Twenty-five square yards make up a marla, but 25 yards on their own are only about the length of 0.8 marlas. Twenty-five yards is the recommended distance one should maintain while photographing a wolf. Twenty-five yards is a little longer than a cricket pitch.
They say it takes about 30 steps and less than a minute to walk 25 yards. But time and distance can be subjective. In the 1930s, it once took Gandhi over an hour to cover 25 yards from the Lahore Railway Station to a waiting car in the porch of the station because so many wanted to do his darshan and deedar.
For me, 25 yards is the distance I walk from the car park to my office gate, twice a day, six times a week, 52 weeks a year. This is not my only engagement with Lahore without the shield of my car and my privilege, but it is the shortest, most consistent, and most repetitive interaction that I have with the city.
One would think that if you do something on a near-daily basis, you would become a master at it, that you would perform the task without much thought or emotional investment. For me, this has proven untrue.
Technically, I am alone while walking these 25 yards, but experientially I am not —- rickshaw walas going in the direction I am walking, and those going the wrong way, slow down and ask if I want a ride. When I say “nahi chahiyay”, they offer “chalo, free main lay jaatay hain, aglay signal tak” – revealing how upset they are with my very-female presence on their very-male street.
Then there are the motorcyclists. Despite the fact that my walk is in the direction that traffic is flowing, these motorcyclists are all coming charging towards me. Since they are going the wrong way, they have only a very narrow margin of the road for themselves, and they don’t like that they have to share it with me, but they do like looking at me, or at least that’s my takeaway from the incessant staring. So enthralled are they with my apparent beauty that they forget to make room for me on the street. “Aiyee! Bhai, paon dekh kar!”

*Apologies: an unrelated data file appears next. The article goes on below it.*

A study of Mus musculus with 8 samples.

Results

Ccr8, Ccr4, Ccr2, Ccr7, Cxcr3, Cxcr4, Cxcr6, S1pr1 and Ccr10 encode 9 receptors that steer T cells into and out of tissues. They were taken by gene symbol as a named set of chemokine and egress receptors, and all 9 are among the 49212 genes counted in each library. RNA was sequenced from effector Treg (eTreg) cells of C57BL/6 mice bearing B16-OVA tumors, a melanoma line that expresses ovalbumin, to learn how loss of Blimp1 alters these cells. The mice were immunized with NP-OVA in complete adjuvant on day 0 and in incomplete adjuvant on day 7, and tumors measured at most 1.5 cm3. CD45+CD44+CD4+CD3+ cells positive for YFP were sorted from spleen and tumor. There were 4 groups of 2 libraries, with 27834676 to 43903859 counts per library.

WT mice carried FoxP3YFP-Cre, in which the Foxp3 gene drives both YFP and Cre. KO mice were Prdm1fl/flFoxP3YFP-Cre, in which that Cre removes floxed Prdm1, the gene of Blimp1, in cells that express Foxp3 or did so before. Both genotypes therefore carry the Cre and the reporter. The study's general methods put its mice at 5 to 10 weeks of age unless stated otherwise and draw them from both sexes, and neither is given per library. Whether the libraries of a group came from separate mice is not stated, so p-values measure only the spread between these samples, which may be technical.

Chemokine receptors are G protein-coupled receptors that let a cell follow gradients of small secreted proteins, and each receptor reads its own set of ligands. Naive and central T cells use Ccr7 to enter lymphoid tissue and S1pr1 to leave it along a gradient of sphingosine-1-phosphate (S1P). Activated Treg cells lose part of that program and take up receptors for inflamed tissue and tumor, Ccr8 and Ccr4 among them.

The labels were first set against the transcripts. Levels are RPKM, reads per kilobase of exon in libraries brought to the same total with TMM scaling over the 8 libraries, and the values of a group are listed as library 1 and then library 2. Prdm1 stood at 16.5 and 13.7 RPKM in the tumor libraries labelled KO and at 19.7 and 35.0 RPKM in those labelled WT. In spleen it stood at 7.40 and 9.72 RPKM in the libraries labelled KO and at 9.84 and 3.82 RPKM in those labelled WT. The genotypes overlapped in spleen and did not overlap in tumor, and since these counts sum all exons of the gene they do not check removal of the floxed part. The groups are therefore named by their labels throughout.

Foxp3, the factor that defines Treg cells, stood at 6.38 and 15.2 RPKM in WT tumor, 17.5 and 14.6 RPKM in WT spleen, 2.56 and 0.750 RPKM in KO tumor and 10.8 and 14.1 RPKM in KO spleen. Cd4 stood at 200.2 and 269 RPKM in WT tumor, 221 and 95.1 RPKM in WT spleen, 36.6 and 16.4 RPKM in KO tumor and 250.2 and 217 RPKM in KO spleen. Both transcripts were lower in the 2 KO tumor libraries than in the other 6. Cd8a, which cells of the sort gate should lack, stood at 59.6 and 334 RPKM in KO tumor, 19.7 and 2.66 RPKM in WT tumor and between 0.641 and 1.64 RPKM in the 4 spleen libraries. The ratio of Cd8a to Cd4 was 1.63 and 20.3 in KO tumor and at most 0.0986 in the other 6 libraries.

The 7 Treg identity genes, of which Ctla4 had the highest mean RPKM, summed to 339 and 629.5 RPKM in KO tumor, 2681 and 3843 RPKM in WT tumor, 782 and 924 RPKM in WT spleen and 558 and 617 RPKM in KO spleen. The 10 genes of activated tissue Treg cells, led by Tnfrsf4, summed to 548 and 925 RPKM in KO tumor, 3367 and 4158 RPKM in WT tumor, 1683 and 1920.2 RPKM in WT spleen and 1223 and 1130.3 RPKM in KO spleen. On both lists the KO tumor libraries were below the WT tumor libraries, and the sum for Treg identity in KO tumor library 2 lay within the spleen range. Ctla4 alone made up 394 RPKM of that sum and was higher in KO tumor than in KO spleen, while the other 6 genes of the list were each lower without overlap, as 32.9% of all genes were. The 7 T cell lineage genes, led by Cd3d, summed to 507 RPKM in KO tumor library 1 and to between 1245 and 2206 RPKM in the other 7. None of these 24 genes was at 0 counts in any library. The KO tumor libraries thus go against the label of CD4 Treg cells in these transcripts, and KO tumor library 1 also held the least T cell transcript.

Sometimes the motorcyclists are going the right way, in that case they often turn their faces almost-180 degrees to look at me, seemingly to confirm that the horror they have seen is true: that in fact there is a woman just walking on the street.
The two most pervasive presences I travel with, however, are dirty puddles, and dirtier eyes of men lounging or walking on the street. I am careful about both. I try and spot them before they spot me. I weave my way around the tiny, stinky water bodies, and stare back at the repulsive eyes that will otherwise follow me all the way to my destination, and upon occasion have been waiting for me when I walk back to the car park at the end of my work day.
There are also the less frequent companions: the rehriwalas who won’t give way, the catcaller who finds that if he doesn’t say mashallah to me he won’t be able to sleep that night, the driver of the car that is coming directly at me but ironically is so blinded by the sight of me, that they can’t see me.
I don’t know if my annoyance is universal. A former colleague jokingly refers to all these people as ‘friends’. She would negotiate with the uncomfortableness of such walks by joking that the eyes, the rickshaw walas, the cat callers, are all concerned about our safety and stare so hard and so long to confirm that we reach our destinations safely.
Perhaps, humour is a better reaction than annoyance, since its almost time for me to walk back to my car and I’m in no mood for a bad mood.